First Watch: Where I introduce the Citadel Watch, i.e. entries which discuss and hopefully bring to your attention some of the websites, books and other sources of inspirations to my campaign and this blog in the form of reviews and general comments. If you would like me to discuss some of the sources brought up in other entries, please don't hesitate to post or email your suggestions. I shall happily oblige.
DungeonADay.com (DAD for short) is a subscription-based website managed by the author of the 3rd edition Dungeon Master's Guide, Return to the Temple of Elemental Evil and numerous titles under his own label, Malhavoc Press (among which such excellent OGL products as the Book of Eldritch Might and Ptolus), Monte Cook.
It offers the development of a megadungeon a few rooms at a time, along with numerous side-offerings, for any of the three subcription plans: $10 a month, $84 as a charter member (i.e. $7 a month until April 10, after which it's likely to become $96, $8 a month) or $27 for a quarterly subscription (i.e. $9 a month).
DAD is actually a pretty good offering for vintage gamers out there, since "Dragon's Delve", the dungeons buried under the ruins of Chordille Keep in the Fallen Duchy, basically is a megadungeon with huge vintage gaming undertones. The dungeons do have a history behind them the players may discover while plundering through their depths, and this history basically explains the presence of various groups and factions within the dungeon, but I could not find a "plot" per se, and by this I mean, Dragon's Delve isn't tainted by some overriding idea of how the game "ought to be played out". The play's the thing, like it was intended to be.
The site of adventuring itself isn't linked to any particular campaign milieu and makes it easy to use in your own games. If you can fit somewhere a fief that would have lost its ruler some time ago and would have later become a wild area for adventurers to explore, you're set.
I've been one of DAD's subscribers from the start, and after three weeks of offerings and some conversions to Castles & Crusades, I can safely tell you this dungeon is absolutely playable with any of the older editions of the game and corresponding "retroclones" without much of a challenge on the referee's part. Substitute a "Search Difficulty Class" for an astute search description from the players, a save for another appropriate save, a creature for its equivalent, and you are basically done.
DAD isn't "old-school" through and through, obviously. It is built with 3rd edition's rules in mind, and thus features scaled encounters and challenges appropriate for this or that level of adventurers, but nothing that couldn't be altered to fit a vintage game directly appealing to the players' tactical senses rather than the characters'.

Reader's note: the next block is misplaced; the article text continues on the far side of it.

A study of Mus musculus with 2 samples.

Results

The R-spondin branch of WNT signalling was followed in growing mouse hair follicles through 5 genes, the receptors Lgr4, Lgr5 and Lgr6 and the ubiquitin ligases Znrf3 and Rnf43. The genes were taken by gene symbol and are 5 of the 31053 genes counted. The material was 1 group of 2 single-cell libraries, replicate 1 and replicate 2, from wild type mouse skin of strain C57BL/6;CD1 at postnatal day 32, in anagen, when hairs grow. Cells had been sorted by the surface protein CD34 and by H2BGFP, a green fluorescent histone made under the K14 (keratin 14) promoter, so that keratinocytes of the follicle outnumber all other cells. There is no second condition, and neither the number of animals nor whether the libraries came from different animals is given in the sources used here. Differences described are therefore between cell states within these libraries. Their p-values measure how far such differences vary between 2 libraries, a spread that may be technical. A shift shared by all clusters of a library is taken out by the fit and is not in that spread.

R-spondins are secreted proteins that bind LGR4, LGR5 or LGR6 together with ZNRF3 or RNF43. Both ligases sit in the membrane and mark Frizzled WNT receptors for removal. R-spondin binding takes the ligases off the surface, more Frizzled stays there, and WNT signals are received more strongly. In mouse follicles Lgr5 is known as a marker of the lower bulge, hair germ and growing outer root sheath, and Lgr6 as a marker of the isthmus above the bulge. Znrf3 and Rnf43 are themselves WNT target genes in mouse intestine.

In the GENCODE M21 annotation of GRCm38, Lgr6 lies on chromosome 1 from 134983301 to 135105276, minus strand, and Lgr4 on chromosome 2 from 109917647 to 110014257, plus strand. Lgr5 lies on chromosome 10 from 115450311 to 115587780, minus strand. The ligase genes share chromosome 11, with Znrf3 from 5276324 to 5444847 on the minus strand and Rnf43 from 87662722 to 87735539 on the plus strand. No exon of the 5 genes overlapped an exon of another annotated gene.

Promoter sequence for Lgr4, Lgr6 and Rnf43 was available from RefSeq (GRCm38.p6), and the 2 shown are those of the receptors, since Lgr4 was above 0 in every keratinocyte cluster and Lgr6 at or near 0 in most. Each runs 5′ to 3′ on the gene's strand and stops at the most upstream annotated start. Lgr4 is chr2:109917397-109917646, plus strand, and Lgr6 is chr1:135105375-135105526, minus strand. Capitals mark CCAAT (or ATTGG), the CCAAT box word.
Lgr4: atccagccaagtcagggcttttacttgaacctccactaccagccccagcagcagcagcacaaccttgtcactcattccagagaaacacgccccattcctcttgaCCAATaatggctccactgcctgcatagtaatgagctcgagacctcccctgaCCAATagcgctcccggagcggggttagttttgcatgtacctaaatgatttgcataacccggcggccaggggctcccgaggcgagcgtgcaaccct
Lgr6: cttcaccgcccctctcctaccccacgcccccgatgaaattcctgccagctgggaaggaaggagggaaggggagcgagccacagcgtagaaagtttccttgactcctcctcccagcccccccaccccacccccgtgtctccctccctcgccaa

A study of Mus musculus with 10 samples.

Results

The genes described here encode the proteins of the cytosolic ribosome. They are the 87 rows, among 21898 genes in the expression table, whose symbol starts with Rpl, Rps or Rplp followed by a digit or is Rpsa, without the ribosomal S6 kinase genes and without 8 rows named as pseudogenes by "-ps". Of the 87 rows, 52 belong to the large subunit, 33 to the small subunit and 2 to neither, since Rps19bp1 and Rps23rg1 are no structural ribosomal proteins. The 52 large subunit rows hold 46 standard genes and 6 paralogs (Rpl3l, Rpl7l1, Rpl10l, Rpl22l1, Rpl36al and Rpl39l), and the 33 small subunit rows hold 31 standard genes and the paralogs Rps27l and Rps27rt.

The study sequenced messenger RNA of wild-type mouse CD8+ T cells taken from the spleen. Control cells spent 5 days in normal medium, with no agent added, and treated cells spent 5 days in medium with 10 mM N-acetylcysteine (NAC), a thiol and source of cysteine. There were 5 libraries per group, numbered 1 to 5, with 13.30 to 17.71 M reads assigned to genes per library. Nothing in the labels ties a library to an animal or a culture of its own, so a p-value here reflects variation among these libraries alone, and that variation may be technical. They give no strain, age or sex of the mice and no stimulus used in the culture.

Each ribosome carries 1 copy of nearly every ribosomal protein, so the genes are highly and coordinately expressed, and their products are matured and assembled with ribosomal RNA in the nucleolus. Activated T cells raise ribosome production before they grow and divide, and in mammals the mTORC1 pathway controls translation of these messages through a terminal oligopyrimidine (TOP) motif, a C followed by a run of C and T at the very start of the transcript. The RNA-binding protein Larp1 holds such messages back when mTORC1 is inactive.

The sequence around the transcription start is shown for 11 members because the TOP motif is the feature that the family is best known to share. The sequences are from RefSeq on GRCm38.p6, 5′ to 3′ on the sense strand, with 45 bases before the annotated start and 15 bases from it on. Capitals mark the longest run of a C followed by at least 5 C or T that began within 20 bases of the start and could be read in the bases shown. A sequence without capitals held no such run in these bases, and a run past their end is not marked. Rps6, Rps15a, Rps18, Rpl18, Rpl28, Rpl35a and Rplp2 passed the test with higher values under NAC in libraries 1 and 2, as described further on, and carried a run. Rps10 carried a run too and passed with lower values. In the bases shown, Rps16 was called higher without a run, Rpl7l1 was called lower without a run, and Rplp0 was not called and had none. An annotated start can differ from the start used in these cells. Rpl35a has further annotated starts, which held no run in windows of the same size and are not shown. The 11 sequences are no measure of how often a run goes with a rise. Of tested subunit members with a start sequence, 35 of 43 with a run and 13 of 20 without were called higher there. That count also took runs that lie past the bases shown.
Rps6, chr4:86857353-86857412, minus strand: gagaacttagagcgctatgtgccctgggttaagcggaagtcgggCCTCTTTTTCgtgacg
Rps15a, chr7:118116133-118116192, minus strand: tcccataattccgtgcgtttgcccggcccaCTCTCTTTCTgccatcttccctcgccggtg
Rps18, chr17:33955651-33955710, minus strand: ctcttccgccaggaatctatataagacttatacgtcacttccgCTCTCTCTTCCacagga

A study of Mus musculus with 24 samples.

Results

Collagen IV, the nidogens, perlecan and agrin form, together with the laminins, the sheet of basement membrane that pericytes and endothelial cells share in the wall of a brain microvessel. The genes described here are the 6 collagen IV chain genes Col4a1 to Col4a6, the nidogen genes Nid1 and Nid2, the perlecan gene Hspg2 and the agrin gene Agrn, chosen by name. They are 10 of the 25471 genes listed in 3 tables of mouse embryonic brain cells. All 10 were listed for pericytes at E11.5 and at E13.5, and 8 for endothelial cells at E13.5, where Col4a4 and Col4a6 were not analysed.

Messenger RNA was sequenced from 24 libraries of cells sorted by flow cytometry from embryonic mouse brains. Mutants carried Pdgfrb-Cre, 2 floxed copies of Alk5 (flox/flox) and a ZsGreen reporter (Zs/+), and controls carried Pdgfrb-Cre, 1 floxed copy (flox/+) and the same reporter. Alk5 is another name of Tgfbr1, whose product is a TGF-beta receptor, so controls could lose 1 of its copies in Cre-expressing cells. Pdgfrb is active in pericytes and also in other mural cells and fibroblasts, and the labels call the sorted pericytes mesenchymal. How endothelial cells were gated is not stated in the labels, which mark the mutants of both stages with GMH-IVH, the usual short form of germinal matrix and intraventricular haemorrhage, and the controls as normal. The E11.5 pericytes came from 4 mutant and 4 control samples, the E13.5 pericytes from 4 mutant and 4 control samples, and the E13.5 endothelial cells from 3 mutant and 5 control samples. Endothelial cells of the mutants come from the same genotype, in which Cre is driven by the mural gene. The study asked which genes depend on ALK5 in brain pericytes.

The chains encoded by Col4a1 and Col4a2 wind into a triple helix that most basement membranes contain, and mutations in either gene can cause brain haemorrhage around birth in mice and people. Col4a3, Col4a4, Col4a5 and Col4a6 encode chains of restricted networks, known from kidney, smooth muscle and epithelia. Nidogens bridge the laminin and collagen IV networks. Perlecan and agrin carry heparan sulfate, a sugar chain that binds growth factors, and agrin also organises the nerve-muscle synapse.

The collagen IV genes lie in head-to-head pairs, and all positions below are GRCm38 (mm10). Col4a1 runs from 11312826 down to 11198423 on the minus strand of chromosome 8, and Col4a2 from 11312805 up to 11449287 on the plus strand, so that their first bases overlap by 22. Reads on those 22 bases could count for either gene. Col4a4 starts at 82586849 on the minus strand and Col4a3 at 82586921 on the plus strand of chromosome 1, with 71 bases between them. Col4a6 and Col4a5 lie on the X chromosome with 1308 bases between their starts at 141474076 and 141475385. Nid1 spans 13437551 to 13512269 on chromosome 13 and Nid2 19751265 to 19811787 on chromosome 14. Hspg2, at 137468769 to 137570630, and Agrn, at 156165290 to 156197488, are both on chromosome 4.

The maps were designed by Ed Bourelle, who is a known artist to vintage gamers through his work for Necromancer Games, d20 Judges Guild products like the City State of the Invicible Overlord, and other well-known quantities of OGL gaming like Ptolus: Monte Cook's City by the Spire. I found his artwork to be very clear and well done in this instance. The colors are evocative, the mapping itself serves its function and also delivers an appropriate feel of the dungeon's features.
Another interesting feature comes from the fact DAD is sponsored by both Dwarven Forge and Reaper Miniatures. For each room's description, you get some pictures showing the area built using the DF props, and some propositions of miniatures to represent various NPCs and creatures of DAD at your game table. Interesting plus.
The dungeon is not the only offering you get access to while subscribing. You also can participate to the DAD community effort, where suggestions, discussions relative to the contents and website are more than welcome, and also get access to all sorts of conversions and add-ons by the fans themselves; you can read the "Dungeon Blog" where Monte Cook describes his design ideas and intents in building Dragon's Delve, as wells as various ideas about DMing in general; you get tons of handouts to be printed and given to the players at appropriate times of the dungeon's exploration; you get a podcast, photos and even videos to improve the playability of the whole thing. Add to this the obvious new magic items, monsters and so on and you get a really large panel of offerings bundled into one website.
It's also worth noting that DAD as a website puts these technologies into play to make the dungeon all the easier to use. The inclusion of hyperlinks to link to various NPCs, items, rooms/locations and the like is really helpful and brings the best out of the medium. I can also point out, as someone who's been trained in the field, that in pure terms of web-design this site does all the right things: it's clear, not charged with needless art (particularly as backgrounds and other components that would just make the site harder to load), easily accessible with a comprehensive navigation bar and numerous paths to find your way through it.
I find DungeonADay to be a fabulous resource for dungeon exploration. Either you use the whole thing along with its convoluted history, many twists and turns and so on, or you pick and choose areas or levels you'd like to use in your home dungeons. Since I am about to start a new campaign, this is a win-win situation for me, but more about this particular point later.
DungeonADay is an outstanding online product. If you find the whole idea of being inside the head of a designer as the design progresses, enjoy the opportunity of interacting with said designer directly in a community of fans who will help you out with your campaign, conversions and ideas, and most of all, if you enjoy megadungeons like I do, this is certainly a subscription to consider.